Wednesday, October 3, 2007

Garrett vs. Ramadan

Representative Scott Garrett joined 41 other Republican Representatives in voting "Present" on a non-binding resolution acknowledging the start of Ramadan. While I don't have a quote from Garrett, Presidential hopeful Rep. Tom Tancredo and Rep. Mike Pence, who also voted present, said this to the Hill:
“This resolution is an example of the degree to which political correctness has captured the political and media elite in this country,” Tancredo said. “I am not opposed to commending any religion for their faith. The problem is that any attempt to do so for Jews or Christians is immediately condemned as ‘breaching’ the non-existent line between church and state by the same elite.”

Rep. Mike Pence (R-Ind.) said, “I voted ‘present’ because I read somewhere that Congress shall make no law respecting the establishment of religion.”

I'd be curious to know Garrett's rationale, whether he's of the "non-existent line" or "make no law" crowd. This little tidbit from the Record back in 2005 might answer that question:

Garrett’s faith is evident in his voting record. He supported a proposed constitutional amendment to outlaw gay marriage. He voted against striking “under God” from the Pledge of Allegiance. He voted to allow federally funded programs to use religious affiliation as a criterion in the hiring process.

In September, Garrett spoke at a meeting of the Center for Christian Statesmanship, a ministry aimed at lawmakers and their staffs.

On his Web site, the center’s founder, televangelist D. James Kennedy, asks, “Should we really be tolerant of all beliefs?”

I doubt voters of the District will ever get an answer from Garrett on this vote, but if we do I'll post it here in it's entirety.


Well, it's not a statement to the Record or anything, but Garrett did speak to about the vote:
Representative Scott Garrett of New Jersey says he too was "troubled" by the Ramadan resolution. "There were a number of members who, as we call it down here, 'stayed off' that vote and did not support it because I think that they looked at it as something that Congress really should not be doing, should not be picking one faith out and commending that faith."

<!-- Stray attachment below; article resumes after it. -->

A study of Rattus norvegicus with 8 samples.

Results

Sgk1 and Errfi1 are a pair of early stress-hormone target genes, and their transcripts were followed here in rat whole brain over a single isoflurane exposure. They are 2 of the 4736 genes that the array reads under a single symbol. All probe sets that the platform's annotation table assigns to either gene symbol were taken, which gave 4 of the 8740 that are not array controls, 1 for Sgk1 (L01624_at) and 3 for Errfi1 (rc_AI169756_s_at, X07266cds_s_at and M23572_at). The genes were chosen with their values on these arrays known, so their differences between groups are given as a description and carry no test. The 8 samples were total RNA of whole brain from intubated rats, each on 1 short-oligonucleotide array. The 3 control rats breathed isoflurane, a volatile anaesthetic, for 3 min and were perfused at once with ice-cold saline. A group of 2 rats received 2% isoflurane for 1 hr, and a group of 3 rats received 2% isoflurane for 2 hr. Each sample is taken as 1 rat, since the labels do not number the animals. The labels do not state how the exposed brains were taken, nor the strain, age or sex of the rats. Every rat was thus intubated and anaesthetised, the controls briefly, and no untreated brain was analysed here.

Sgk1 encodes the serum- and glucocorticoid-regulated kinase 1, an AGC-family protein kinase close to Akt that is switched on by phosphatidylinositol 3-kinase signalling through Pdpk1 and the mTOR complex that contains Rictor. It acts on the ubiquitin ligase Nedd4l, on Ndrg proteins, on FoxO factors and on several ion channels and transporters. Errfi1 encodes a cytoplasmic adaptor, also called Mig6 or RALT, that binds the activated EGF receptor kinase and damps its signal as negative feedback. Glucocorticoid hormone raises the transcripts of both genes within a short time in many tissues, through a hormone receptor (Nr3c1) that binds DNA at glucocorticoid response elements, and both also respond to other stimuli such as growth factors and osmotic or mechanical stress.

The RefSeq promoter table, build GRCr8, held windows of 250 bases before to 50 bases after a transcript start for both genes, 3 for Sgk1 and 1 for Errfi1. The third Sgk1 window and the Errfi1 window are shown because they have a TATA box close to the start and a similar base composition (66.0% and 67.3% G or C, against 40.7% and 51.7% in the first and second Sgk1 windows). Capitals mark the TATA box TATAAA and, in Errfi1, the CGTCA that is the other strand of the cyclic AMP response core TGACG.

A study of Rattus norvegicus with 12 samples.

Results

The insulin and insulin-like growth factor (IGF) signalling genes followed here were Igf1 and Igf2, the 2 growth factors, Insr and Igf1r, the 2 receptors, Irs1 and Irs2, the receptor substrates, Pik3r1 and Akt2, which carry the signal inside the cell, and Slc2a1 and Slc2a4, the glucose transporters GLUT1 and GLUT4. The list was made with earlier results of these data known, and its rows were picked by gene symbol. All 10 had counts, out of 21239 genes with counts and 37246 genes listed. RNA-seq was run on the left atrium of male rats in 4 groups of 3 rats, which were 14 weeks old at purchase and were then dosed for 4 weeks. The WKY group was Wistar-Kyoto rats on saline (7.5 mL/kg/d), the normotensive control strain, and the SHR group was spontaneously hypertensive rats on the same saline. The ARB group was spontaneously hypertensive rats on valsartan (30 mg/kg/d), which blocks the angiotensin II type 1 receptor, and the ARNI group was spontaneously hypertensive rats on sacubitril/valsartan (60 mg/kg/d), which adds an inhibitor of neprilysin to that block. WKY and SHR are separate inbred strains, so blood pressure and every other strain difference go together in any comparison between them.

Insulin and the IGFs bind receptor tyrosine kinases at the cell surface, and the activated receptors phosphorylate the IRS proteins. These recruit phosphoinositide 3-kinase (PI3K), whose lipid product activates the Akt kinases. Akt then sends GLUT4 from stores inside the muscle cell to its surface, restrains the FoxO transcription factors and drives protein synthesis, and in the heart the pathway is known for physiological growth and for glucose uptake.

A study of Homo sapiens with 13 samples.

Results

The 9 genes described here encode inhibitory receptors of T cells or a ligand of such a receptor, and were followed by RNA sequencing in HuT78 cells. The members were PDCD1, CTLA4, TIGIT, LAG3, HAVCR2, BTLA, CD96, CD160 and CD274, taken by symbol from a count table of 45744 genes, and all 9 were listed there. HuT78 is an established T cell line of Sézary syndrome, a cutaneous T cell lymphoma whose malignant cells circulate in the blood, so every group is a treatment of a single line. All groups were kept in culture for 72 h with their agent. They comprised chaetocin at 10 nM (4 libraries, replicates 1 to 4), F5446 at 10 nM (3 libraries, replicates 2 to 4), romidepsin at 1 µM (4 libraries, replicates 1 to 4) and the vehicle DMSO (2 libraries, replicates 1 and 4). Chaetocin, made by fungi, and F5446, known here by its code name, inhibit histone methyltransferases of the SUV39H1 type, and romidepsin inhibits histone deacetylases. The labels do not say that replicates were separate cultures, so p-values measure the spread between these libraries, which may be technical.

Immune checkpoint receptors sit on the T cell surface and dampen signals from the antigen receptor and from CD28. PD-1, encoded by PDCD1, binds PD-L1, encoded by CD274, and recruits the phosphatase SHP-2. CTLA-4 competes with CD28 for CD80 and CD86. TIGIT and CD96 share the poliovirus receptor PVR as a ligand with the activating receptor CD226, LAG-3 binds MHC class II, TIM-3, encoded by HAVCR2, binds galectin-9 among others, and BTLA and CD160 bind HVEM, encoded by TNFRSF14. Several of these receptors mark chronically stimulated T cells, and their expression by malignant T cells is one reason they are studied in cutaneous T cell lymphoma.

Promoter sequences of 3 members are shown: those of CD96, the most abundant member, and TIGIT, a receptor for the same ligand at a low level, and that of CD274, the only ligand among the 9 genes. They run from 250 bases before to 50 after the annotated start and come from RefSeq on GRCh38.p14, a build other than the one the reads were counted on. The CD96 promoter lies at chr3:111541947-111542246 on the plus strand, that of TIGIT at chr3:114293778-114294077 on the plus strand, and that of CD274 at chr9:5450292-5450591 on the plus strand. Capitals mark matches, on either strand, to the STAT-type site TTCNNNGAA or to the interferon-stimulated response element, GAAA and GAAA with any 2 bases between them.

Garrett says during his five years in Congress he does not remember the House ever approving a resolution commending Christians for celebrating Christmas or Easter.


Anonymous said...

Enough already!!!!.......Please, show me the actual words that say "separation of church and state". Just some liberal wishing, like the ACLU and their ilk.

rmfretz said...

I'm not going to argue with James Madison, Thomas Jefferson, or the Supreme Court on this one. While it's not in the Constitution verbatim, Madison explained the Establishment Clause; Jefferson was the first to use the phrase; and the Court used it a bunch. We're going on 200 years of it as a guiding principle.

Jill said...

So I guess there's no chance of getting him to acknowledge Samhain, then....

rmfretz said...

Yeah, I'm going to have to guess no on that one.

Anonymous said...

Congress Crosses the Line. Where is the Outrage?

Muslims Against Sharia condemn politically correct cowardice of the United States Congress. We call on every American Muslims to contact their congressmen, and voice their disgust with Congress' blatant disregard for the United States Constitution.

Congressional Resolution HRES 635 EH:
"House of Representatives ... acknowledges the onset of Ramadan, the Islamic holy month of fasting and spiritual renewal"

First Amendment to the United States Constitution:
"Congress shall make no law respecting an establishment of religion"

rmfretz said...

First off, this is a non-binding resolution and not a law. Here's what was resolved in this non-binding resolution:

Resolved, That the House of Representatives--

(1) recognizes the Islamic faith as one of the great religions of the world;

(2) expresses friendship and support for Muslims in the United States and worldwide;

(3) acknowledges the onset of Ramadan , the Islamic holy month of fasting and spiritual renewal, and conveys its respect to Muslims in the United States and throughout the world on this occasion;

(4) rejects hatred, bigotry, and violence directed against Muslims, both in the United States and worldwide; and

(5) commends Muslims in the United States and across the globe who have privately and publicly rejected interpretations and movements of Islam that justify and encourage hatred, violence, and terror.